Cash management is the process of collecting, handling, and using cash. Additionally, it involves assessing liquidity, cash flow and investments.

Why is it important?

  • Cash management:
    • Ensures that an organization has sufficient cash on hand to sustain business operations
    • Helps an organization anticipate and plan for large cash needs, such as startup costs for a new program or delayed payment for reimbursement-based contracts 
    • Increases an enterprise’s ability to weather unpredictable downturns in sales  
    • Clarifies how revenue translates to cash and highlights any issues with aging accounts receivable or delinquent invoices 

Best practices   

Monitor cash reserves

  • Use accounting software to stay up to date on how much cash you have on hand. Regularly review cash reserves during leadership meetings to ensure there is a healthy bank balance.

Create a cash flow projection

  • Once you have developed your annual budget, create a twelve-month cash flow projection to map out the timing of when you expect cash to flow in and out of your organization each month. This will forecast your cash balance throughout the year – pinpointing months when you may spend more cash than you receive and calculating how much working capital you would need to manage these times. 
  • When building a cash flow projection, make sure to:
    • Use realistic assumptions from your current budget, and review last year’s checkbook, receipts, and disbursements to understand historical cash flow timing and amounts. Determine whether any significant cash outflows are likely to reoccur on an annual or monthly basis. 
    • Be conservative when estimating your cash flow; for example, it is unrealistic to assume that all customers will pay invoices on time.
    • Keep an accurate count of the number of weeks in each month (particularly important if you have a biweekly payroll schedule!).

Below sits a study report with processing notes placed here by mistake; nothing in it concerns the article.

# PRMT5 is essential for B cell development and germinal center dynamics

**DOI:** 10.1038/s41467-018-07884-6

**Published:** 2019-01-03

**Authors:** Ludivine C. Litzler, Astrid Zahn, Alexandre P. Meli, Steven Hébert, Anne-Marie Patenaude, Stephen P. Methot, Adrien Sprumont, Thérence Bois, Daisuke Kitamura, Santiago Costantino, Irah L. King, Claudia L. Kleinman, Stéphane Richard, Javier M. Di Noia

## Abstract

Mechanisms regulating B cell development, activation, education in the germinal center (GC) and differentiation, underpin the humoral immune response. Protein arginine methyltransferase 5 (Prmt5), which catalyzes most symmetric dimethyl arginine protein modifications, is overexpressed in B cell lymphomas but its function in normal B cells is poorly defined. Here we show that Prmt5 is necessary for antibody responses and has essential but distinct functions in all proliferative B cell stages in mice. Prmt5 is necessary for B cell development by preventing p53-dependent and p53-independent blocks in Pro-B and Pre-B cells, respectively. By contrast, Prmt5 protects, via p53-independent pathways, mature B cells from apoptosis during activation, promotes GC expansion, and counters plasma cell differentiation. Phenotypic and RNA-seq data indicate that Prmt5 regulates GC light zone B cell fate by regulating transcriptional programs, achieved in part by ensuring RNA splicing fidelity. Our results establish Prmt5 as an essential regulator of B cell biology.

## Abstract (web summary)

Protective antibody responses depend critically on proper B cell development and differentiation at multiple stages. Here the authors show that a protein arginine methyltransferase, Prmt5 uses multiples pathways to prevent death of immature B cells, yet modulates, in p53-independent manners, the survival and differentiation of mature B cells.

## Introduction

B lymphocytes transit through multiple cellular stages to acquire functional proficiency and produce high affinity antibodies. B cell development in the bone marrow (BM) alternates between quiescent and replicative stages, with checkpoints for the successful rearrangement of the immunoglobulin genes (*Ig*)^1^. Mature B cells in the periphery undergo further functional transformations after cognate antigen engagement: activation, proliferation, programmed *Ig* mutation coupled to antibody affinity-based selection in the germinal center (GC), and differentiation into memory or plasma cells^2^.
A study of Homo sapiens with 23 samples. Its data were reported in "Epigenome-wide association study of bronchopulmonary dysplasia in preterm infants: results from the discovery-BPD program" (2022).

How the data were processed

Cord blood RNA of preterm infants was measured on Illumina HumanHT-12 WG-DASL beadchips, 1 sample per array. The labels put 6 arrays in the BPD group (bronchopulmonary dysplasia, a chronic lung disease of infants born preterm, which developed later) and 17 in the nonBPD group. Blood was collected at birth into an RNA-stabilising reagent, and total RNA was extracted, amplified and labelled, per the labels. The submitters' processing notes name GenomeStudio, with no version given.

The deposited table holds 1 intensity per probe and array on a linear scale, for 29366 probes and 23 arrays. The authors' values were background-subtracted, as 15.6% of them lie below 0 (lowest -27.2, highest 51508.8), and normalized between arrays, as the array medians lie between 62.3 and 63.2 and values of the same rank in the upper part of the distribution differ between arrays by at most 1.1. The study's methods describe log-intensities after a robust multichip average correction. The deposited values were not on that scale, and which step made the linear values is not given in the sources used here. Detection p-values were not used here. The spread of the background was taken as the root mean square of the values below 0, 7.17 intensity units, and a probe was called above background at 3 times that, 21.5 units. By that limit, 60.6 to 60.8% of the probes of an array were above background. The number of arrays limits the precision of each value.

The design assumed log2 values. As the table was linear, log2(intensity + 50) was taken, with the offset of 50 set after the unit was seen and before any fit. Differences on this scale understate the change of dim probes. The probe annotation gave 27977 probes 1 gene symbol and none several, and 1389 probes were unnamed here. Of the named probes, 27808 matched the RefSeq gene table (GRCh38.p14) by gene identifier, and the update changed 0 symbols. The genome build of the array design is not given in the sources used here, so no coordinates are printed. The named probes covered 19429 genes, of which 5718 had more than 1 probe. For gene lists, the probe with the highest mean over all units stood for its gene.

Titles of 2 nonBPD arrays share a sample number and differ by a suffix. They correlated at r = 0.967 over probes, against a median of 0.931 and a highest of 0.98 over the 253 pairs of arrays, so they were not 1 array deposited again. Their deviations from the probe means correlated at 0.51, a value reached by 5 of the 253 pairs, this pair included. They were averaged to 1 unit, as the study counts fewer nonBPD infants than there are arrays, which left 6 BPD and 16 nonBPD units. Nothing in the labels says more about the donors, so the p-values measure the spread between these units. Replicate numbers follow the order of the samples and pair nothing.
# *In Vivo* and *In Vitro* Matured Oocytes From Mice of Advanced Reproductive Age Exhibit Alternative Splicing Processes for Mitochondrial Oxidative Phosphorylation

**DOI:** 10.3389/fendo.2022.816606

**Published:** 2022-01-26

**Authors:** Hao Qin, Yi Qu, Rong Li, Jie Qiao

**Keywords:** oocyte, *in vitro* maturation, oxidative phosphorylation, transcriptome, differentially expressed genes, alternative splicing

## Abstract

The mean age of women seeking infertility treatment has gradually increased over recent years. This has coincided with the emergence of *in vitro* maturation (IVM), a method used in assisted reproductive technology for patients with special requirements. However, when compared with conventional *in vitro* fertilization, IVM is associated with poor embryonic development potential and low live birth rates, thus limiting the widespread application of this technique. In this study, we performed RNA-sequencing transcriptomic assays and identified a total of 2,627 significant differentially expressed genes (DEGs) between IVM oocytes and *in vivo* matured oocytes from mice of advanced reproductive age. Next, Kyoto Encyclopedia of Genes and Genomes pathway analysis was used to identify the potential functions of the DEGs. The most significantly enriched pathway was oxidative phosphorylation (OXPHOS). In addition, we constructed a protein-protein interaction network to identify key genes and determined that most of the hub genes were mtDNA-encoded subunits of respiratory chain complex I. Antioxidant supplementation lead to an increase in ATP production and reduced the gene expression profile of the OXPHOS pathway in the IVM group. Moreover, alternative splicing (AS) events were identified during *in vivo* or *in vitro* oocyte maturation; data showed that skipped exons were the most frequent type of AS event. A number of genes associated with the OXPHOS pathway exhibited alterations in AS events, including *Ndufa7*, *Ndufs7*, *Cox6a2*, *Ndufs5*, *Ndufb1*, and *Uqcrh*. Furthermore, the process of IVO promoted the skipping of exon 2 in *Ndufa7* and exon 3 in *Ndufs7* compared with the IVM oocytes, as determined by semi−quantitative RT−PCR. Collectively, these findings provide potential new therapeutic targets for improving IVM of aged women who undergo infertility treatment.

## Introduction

• Nonprofits should be careful not to commingle restricted cash with operating cash.
    • Check out this cash flow projection tool and user guide from the Nonprofit Finance Fund.  

Regularly track and update cash flow projections

  • It is important to carefully monitor your cash flow since it is easier to address expected shortfalls when alerted early on. Revise projections regularly to compare your forecasts to actual figures and review the variances.

Consider strategies for managing cash flow

  • Draw on any existing cash reserves built from annual surpluses. Keep reading below for guidance on growing your operating reserves.
  • Increase inventory turnover to generate consistent cash flows.
  • Tighten your accounts receivable collection process by streamlining (and potentially automating) invoicing and payment, considering shorter payment terms, and developing proactive collection procedures that prioritize delinquent accounts. Look into factoring (the selling of invoices to a third party) if a high accounts receivable balance is driving insufficient cash on hand.
  • Try to minimize expenses to control spending. Speak with your vendors to see if there are flexible financing options to distribute the cash impact of purchases.
  • Explore whether short-term debt would be a suitable funding source for your organization. If appropriate, consider applying for a line of credit (to address temporary cash shortfalls between disbursement and receipt of cash), or a bridge loan (to cover expenses until a specific source of funds is received).

Grow your cash reserves and consider developing a formal operating reserve fund policy 

  • Aim to build and maintain a cash reserve of at least three months of operating expenses to provide a safety net against any unforeseen fluctuations in revenue. As your organization generates unrestricted cash surpluses over time, designate a portion as a reserve fund.
  • Working with your board and leadership team, you may want to create a reserve fund policy that articulates the fund’s objectives, target minimum amount, strategy for building the fund, investment options, replenishment plan, and requirements and controls. Learn how to develop an operating reserve fund policy and check out sample policy templates.